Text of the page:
Menlo Park City Schools to put parcel tax renewal to voters

A class at Oak Knoll School. Photo from the Oak Knoll School website.

Daily Post Staff Writer

The Menlo Park City School Board has voted to put a parcel tax renewal on a November ballot, with the possibility of switching to another date if Gov. Gavin Newsom’s recall winds up on the same ballot.

The concern is that those who would vote in the recall election might be predisposed to rejecting a school tax.

The board voted 4-0, with board member David Ackerman absent, on Thursday to put the 12-year $598 per-parcel measure on the ballot and hand off the campaign to a parent volunteer group.

But if the recall of Newsom ends up on the November ballot, the board said it would reconsider whether to move the parcel tax to another election date.

The board’s political consultant, John Whitehurst, told the school board March 23 that recalls motivate angry voters to return ballots.

“It’s not red-versus-blue anymore, but anger-versus-non-anger. And it clouds who turns out,” Whitehurst cautioned the board.

Ironically, one of the reasons Newsom faces is a recall is that he acquiesced to teachers unions and was slow to reopen schools.

If the board skips the November election, it will likely hold a special election in March or June of 2022.

This would not be the first time a school board walked back its decision to put a tax measure on the ballot. Palo Alto school board last March voted to postpone its parcel tax measure because of the uncertainty of Covid. The board ended up placing the measure on the November 2020 ballot, and it passed.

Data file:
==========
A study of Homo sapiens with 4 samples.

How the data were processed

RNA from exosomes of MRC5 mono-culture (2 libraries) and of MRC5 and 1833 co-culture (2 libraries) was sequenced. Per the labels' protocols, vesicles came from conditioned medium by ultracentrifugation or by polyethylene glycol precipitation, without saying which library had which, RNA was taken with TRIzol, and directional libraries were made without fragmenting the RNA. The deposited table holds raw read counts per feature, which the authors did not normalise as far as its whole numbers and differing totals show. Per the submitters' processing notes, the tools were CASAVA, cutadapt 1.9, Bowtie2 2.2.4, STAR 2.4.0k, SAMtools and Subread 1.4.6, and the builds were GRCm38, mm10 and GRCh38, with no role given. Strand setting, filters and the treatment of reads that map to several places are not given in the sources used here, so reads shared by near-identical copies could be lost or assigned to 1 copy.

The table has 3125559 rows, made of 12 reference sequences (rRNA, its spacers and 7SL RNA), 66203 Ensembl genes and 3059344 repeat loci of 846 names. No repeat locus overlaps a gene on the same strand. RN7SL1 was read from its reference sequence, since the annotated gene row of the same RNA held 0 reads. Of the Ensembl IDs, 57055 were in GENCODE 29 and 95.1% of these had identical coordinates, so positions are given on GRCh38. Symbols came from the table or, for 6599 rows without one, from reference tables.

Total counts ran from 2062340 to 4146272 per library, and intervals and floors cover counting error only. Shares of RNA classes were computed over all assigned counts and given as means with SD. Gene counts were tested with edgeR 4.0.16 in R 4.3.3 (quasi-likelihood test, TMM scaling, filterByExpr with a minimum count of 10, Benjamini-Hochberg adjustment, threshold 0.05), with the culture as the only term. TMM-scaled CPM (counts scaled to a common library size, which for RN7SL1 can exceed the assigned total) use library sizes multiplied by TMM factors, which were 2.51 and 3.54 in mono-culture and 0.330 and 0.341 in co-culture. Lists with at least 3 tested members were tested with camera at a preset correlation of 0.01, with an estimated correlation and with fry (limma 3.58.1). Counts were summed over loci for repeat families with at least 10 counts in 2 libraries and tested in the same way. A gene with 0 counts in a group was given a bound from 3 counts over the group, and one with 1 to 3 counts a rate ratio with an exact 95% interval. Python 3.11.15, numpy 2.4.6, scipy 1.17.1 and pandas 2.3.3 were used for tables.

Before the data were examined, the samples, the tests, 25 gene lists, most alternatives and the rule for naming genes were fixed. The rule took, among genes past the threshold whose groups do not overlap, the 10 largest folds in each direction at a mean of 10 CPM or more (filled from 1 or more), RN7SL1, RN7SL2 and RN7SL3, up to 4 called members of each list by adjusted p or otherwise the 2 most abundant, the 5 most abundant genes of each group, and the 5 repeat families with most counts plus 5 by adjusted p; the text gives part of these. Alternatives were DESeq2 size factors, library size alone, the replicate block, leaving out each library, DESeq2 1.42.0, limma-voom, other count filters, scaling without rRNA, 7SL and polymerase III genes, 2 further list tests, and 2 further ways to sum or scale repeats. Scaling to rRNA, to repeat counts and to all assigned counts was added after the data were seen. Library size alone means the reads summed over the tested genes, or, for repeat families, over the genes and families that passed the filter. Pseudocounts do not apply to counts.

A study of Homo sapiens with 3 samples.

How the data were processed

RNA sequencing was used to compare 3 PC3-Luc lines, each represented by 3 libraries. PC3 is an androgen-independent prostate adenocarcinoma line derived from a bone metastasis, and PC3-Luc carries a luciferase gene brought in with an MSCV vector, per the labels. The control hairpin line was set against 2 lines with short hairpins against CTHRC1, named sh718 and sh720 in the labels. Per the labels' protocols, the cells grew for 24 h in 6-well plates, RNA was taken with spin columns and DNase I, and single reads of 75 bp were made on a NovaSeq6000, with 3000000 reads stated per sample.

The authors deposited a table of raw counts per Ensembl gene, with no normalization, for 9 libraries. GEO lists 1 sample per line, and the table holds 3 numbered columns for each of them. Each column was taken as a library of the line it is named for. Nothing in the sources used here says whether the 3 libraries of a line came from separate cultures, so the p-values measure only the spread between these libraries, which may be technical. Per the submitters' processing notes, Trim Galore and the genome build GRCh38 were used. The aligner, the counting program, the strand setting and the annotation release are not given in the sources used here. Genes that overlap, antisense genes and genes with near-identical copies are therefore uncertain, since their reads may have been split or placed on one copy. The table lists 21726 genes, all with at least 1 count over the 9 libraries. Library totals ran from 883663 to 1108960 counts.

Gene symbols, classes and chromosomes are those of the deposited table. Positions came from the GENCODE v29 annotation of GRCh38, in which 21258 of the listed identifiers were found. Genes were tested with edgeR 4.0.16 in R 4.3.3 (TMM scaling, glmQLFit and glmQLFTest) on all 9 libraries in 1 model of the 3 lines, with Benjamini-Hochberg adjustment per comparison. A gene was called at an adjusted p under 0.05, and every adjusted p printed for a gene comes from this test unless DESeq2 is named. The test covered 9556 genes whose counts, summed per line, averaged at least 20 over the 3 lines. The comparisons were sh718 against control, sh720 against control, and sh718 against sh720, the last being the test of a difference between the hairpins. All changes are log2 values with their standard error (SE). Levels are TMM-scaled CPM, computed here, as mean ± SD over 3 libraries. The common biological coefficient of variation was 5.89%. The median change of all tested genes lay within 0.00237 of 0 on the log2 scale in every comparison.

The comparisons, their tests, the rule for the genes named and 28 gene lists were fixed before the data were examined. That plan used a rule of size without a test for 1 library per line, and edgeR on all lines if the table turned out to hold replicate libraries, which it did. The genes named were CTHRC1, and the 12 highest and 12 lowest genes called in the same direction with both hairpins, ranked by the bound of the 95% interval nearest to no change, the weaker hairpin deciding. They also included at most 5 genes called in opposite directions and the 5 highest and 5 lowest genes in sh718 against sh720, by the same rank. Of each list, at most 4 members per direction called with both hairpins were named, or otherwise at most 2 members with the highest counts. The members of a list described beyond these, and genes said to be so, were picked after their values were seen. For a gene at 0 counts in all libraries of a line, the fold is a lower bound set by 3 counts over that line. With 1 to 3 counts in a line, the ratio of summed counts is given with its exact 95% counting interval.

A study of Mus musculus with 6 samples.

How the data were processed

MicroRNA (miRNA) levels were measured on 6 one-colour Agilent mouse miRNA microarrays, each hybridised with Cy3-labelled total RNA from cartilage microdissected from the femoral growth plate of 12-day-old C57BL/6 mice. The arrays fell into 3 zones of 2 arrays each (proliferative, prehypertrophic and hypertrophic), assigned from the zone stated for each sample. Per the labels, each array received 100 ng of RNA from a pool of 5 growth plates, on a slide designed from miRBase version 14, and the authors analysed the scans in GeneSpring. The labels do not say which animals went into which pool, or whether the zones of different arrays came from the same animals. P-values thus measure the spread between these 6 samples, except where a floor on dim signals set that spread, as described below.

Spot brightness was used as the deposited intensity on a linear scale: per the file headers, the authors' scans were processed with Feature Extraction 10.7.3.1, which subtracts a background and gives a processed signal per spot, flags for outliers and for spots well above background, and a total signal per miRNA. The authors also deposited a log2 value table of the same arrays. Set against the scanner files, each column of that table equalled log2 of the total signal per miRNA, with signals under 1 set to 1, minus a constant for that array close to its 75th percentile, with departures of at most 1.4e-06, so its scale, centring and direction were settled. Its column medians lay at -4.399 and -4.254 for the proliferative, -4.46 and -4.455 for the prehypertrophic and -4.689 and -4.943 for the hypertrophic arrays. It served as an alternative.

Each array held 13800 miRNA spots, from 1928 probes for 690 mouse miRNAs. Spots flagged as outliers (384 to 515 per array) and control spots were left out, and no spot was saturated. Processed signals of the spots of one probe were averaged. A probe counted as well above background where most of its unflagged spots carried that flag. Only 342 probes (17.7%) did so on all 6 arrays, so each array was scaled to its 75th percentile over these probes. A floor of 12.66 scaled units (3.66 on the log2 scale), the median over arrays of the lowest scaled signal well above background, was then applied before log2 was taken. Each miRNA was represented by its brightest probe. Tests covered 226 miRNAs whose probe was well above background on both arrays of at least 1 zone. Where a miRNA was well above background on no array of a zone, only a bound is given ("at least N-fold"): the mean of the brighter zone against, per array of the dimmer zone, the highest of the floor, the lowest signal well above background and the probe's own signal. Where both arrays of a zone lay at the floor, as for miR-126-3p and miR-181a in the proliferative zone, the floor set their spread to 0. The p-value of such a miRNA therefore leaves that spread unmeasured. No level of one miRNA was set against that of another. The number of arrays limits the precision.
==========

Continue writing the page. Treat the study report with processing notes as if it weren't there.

The Menlo Park board has been looking at the idea of putting a parcel tax on the ballot before its previously approved tax, Measure X, expires in 2024.

The average teacher salary was $106,986 for the 2017-18 school year, the most recent data available, according to EdData. The district has 2,968 students and 188 teachers, EdData’s research shows.

The need for this new tax is to help balance the district’s budget amid $1.5 million in cuts and increases in pay for teachers and other employees. About 89% of the district’s budget is spent on employees, according to a report from Superintendent Erik Burmeister. This new tax will bring in about $4.6 million a year.

The roughly 3,000-student district covers parts of Menlo Park, west Menlo Park and Atherton. Its four schools are Encinal, Laurel, Oak Knoll and Hillview Middle School.


  1. The enrollment in the district has been steady for 10 years while the property tax revenue in the District, where the majority of the funding for the Menlo Park School District has been increasing by double digits for the past 10 years. So they have a lot more money and about the same number of students they had 10 years ago. So where is the money going? They have not been giving teachers huge raises and inflation only accounts for a small percentage of their increased income.

    Vote no on this.

  2. Enrollment is actually down, and demographic trends say this will continue as households shrink. The district is not being transparent as to why the parcel tax is necessary, but the obvious conclusion is the district needs to feed their pension fund which is underfunded – due to overly generous pension packages. Vote NO, and send a message to the district: run the district like a company, which is to say: balance your revenues and expenses. If need be, cut (cut!) expenses.